A breakdown of North Carolina's Congressional delegation through the years
UNC Library
Jason deBruyn

A joint legislative committee finished up its work Wednesday on redrawing North Carolina's 13 congressional district boundaries, producing more than a dozen possible replacements. Now,the redistricting process must move through the house and senate with candidate filing for 2020 less than three weeks away.

Lawmakers are hustling to redraw the electoral boundaries after a Wake County Superior Court panel granted a preliminary injunction last month, blocking their use in next year's elections. The court indicated it was likely to find the Republican-controlled legislature unconstitutionally manipulated the district lines with extreme partisan bias, as the judges had  already found with the state's legislative maps.

In the case challenging the congressional district lines, 14 Democratic-leaning voters claimed that Republican legislators either packed them into the same districts or split them up to lock in a 10 to 3 GOP majority in North Carolina's congressional delegation.

Candidate filing for 2020 is supposed to start Dec. 2. State elections officials have said new congressional district lines need to be in place by Dec. 15 to avoid pushing back North Carolina's March Super Tuesday primaries.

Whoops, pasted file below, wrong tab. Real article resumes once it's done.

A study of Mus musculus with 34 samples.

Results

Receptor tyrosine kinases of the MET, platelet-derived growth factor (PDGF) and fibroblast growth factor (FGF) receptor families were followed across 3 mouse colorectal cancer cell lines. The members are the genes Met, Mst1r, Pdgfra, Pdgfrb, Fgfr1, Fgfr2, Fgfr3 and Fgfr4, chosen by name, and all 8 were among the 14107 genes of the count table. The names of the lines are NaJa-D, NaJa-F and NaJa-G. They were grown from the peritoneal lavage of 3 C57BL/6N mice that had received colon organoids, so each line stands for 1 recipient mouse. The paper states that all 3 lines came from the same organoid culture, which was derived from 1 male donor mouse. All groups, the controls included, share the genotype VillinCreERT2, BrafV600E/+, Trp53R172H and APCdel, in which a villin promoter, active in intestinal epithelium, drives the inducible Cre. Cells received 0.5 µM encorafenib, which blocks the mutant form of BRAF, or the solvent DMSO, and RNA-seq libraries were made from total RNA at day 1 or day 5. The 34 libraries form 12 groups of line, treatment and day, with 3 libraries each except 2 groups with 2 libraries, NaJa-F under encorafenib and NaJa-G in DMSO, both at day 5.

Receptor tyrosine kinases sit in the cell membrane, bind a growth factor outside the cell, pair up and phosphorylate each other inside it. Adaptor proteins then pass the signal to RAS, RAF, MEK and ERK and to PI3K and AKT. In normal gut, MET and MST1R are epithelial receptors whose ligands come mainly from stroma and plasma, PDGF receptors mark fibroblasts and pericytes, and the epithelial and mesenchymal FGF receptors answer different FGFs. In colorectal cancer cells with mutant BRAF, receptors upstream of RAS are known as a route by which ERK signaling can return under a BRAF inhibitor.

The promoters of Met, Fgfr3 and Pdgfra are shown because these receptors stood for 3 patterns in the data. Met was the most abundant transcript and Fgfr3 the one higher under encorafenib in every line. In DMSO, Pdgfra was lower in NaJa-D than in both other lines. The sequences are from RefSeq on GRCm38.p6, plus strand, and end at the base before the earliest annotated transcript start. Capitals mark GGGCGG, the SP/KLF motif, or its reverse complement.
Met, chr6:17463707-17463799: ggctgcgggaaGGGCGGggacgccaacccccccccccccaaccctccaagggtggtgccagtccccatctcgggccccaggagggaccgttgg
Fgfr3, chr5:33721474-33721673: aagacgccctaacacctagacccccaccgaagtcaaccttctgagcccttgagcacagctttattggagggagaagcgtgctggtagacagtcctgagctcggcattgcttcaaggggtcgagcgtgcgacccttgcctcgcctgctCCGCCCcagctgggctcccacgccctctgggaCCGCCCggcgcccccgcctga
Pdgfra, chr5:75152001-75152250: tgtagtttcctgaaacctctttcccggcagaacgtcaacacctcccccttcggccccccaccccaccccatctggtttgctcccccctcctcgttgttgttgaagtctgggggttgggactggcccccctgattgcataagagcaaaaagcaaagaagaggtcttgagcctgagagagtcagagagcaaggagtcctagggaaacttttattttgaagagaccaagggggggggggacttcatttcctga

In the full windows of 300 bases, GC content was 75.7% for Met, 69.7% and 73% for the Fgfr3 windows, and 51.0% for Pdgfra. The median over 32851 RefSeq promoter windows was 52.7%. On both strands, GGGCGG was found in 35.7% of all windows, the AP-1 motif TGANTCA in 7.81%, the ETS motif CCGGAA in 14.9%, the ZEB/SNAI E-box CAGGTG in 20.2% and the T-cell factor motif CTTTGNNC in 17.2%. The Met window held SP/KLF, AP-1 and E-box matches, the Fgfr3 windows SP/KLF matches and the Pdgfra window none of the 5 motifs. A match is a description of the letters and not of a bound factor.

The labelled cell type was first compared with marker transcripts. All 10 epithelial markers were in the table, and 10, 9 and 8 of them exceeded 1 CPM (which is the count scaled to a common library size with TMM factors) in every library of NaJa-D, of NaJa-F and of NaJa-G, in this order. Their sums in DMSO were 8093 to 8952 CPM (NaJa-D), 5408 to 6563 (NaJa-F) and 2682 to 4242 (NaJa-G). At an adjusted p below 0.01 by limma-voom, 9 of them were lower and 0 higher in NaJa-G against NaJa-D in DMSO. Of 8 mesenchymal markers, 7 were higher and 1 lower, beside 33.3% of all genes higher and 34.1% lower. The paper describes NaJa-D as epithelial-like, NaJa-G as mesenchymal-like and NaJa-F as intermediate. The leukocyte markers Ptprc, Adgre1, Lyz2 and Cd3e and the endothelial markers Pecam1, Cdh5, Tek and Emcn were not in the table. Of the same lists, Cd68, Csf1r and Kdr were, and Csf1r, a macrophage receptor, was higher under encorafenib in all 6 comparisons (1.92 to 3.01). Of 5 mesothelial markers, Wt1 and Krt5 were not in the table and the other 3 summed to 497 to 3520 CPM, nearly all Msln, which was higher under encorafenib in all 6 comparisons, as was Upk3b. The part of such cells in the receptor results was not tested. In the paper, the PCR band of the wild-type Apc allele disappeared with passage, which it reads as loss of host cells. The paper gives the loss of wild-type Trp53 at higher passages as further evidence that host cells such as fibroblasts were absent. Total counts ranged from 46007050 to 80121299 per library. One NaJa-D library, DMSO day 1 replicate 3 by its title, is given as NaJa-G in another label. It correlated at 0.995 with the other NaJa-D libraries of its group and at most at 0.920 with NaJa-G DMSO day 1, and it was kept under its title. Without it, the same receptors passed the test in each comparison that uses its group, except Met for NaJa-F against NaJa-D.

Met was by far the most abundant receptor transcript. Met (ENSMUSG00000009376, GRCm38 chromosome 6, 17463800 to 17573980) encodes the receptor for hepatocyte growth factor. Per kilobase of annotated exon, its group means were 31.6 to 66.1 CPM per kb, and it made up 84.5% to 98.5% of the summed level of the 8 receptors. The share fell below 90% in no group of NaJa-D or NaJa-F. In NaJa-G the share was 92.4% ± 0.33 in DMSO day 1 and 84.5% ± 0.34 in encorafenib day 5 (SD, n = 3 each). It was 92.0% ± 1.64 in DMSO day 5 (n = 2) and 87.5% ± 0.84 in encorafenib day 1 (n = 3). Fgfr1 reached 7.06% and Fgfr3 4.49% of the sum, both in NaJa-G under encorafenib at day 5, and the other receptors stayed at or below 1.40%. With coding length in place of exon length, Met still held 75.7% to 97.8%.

"We already have primary election participation in the low 20s, when it goes to a special date, that falls into the single digits," said Rep. David Lewis (R-Harnett), a joint redistricting committee co-chair, adding that his personal goal was to get a final replacement map through the legislature by the end of the day Thursday.

Under criteria adopted by the joint redistricting committee, legislators could not use partisan data and had to keep districts compact with equal populations. Sen. Dan Blue (D-Wake), a member of the joint redistricting committee, said he thought the legislature would agree on a final map before Thanksgiving.

"Figuring out which one has the best compactness scores because that should be critical," said Blue, holding a sheaf of 10 to 15 proposed replacement maps rolled up in his hand. "That tends to show you that you're not gerrymandering, if you're not having to meander around get all kinds of appendages in districts and stuff."

Before finishing its work, the joint redistricting committee held a public comment session Wednesday, giving people the chance to comment on the process. Most of those who spoke, and submitted comments online, criticized the redistricting process.

"Asking experienced legislators to draw their own maps without considering elections results or favoring themselves and their parties is a fool's errand," said Jennifer Bremer, with the League of Women Voters of North Carolina.

"As long as legislators draw the maps political bias is built into the process," she added, advocating for independent redistricting.

A house committee will take up the proposed replacement maps Thursday and work on narrowing the choices down to a final map to be sent to the full chamber. Then the process will move to the senate side.